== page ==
Every medical device company—in and out of the surgical business—and many other tech companies are deep in the war of surgical robotics and digital solutions.
These solutions go beyond automated “cutting.” They offer much more when it comes to preparing the patient for surgery, helping measure the patient to ensure accuracy and so much more. The applications are amazing in the ability to improve accuracy rates, recovery time and outcomes.
There are many robots being built right now. Some are geared for general surgery, like the Da Vinci robot, which weighs in at more than 200 pounds. Others come in all sizes, and they’re more specialized for procedures on knees, hips, shoulders or the spine. And some are being created specifically to handle organs.
Each robot is specialized to a type of surgery and has to be purchased individually by the hospital for a defined use in the operating room. Ultimately, this will lead to a room full of robots assisting surgeries more accurately and with better results.
But is it realistic to expect hospitals to manage a room full of robots?
There’s a challenging juxtaposition with robotics and the direction that hospitals have been taking for the last five years. While hospitals have been driving new innovations, they’ve also been on serious campaigns to rein in costs. In a 2018 survey of 146 healthcare executives by healthcare research firm Advisory Board, respondents cited “preparing the enterprise for sustainable cost control” and “innovative approaches to expense reduction” as their top two areas of concern.
As these concerns rise, many are reducing the number of products on the shelves, shrinking surgical suites, and analyzing the cost per square feet of space they use. With the continued assessment and likely reduction of space, how do you manage a room full of robots?
In the short term, the individualized selling will continue, but eventually a winner will emerge in the “war of the robots.” When it comes to the “ultimate” robot’s characteristics, it must be:
1. Multifunctional: The most innovative robot will need to be the “Swiss Army Knife” of robots: It must be able to perform many different types of surgeries, such as all orthopedic surgeries for hips, knees and shoulders. It would need to have all the different algorithms and the right tools (saws, scopes, etc.) for the specifics of each surgery.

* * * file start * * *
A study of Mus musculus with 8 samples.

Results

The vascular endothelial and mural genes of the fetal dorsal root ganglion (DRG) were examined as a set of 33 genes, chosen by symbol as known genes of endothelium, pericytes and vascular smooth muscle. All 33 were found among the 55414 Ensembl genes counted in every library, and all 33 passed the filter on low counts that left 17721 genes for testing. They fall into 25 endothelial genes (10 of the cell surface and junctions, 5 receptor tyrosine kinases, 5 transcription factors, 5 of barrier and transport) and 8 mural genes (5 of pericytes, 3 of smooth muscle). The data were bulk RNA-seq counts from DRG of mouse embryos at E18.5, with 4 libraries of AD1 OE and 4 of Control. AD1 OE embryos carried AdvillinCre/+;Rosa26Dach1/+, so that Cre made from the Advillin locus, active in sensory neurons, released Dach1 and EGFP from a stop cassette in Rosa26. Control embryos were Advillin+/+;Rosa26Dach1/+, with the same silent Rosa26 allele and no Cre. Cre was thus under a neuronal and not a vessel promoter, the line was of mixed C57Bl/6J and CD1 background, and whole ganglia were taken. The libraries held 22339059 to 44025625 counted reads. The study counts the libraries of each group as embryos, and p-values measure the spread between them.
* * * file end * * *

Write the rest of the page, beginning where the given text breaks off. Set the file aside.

2. Valuable: The value proposition should justify the price. Despite being portable, hospitals will likely need multiple surgical robots to cover numerous surgical suites throughout the building (operating room, emergency room, etc.). Unlike a single-use medical device, robotics as capital equipment require more than just the purchase cost, potentially including a service contract, consumables, replacement parts, etc. Due to this expense, the value must justify the price, especially if multiple robots are needed.
3. Easy to configure: If the robot will be used for multiple purposes, it should easily and quickly be adjusted for different types of surgeries.
4. Portable: The robot should be movable so that the hospital can address the scale of surgeries. If the robot can handle multiple functions, it will likely be needed in different areas of the hospital (ER, OR, ortho lab, etc.). If a certain surgical suite isn’t fully prepped, healthcare providers can roll the robot next door to an already prepped room.
5. Digitally integrated: Data from robotic surgeries is immensely valuable in the ability to help create consistent execution of surgical procedures, to understand how to handle co-morbidities and more. Matching pre-surgical planning data with clear characterization of the intervention (physical measurements, product measurements) and then capturing outcomes data (complications, timing) results in useful information across the surgery that can be analyzed and improved through AI algorithms. Some existing robots need to be connected to a flash drive to download data. This data is extremely valuable but needs the ability to interact with the hospital’s systems, help the patient prepare for the surgery and monitor the success afterward to drive its true potential.
Who is going to win the “robot rumble”? Will the winner be a pure-play robotics company (such as Intuitive or Verb Surgical)? A current medtech supplier looking to drive a robotic solution (J&J, Medtronic, Stryker)? Or even a large entrant with deep pockets but no skin in the current game (Apple, Tesla, IBM)? Only time will tell, but there’s no question that the current individualized approach—too specialized, too big, too expensive—will quickly become unsustainable for hospitals. Those looking to drive robotics-based innovation should start singing a different tune.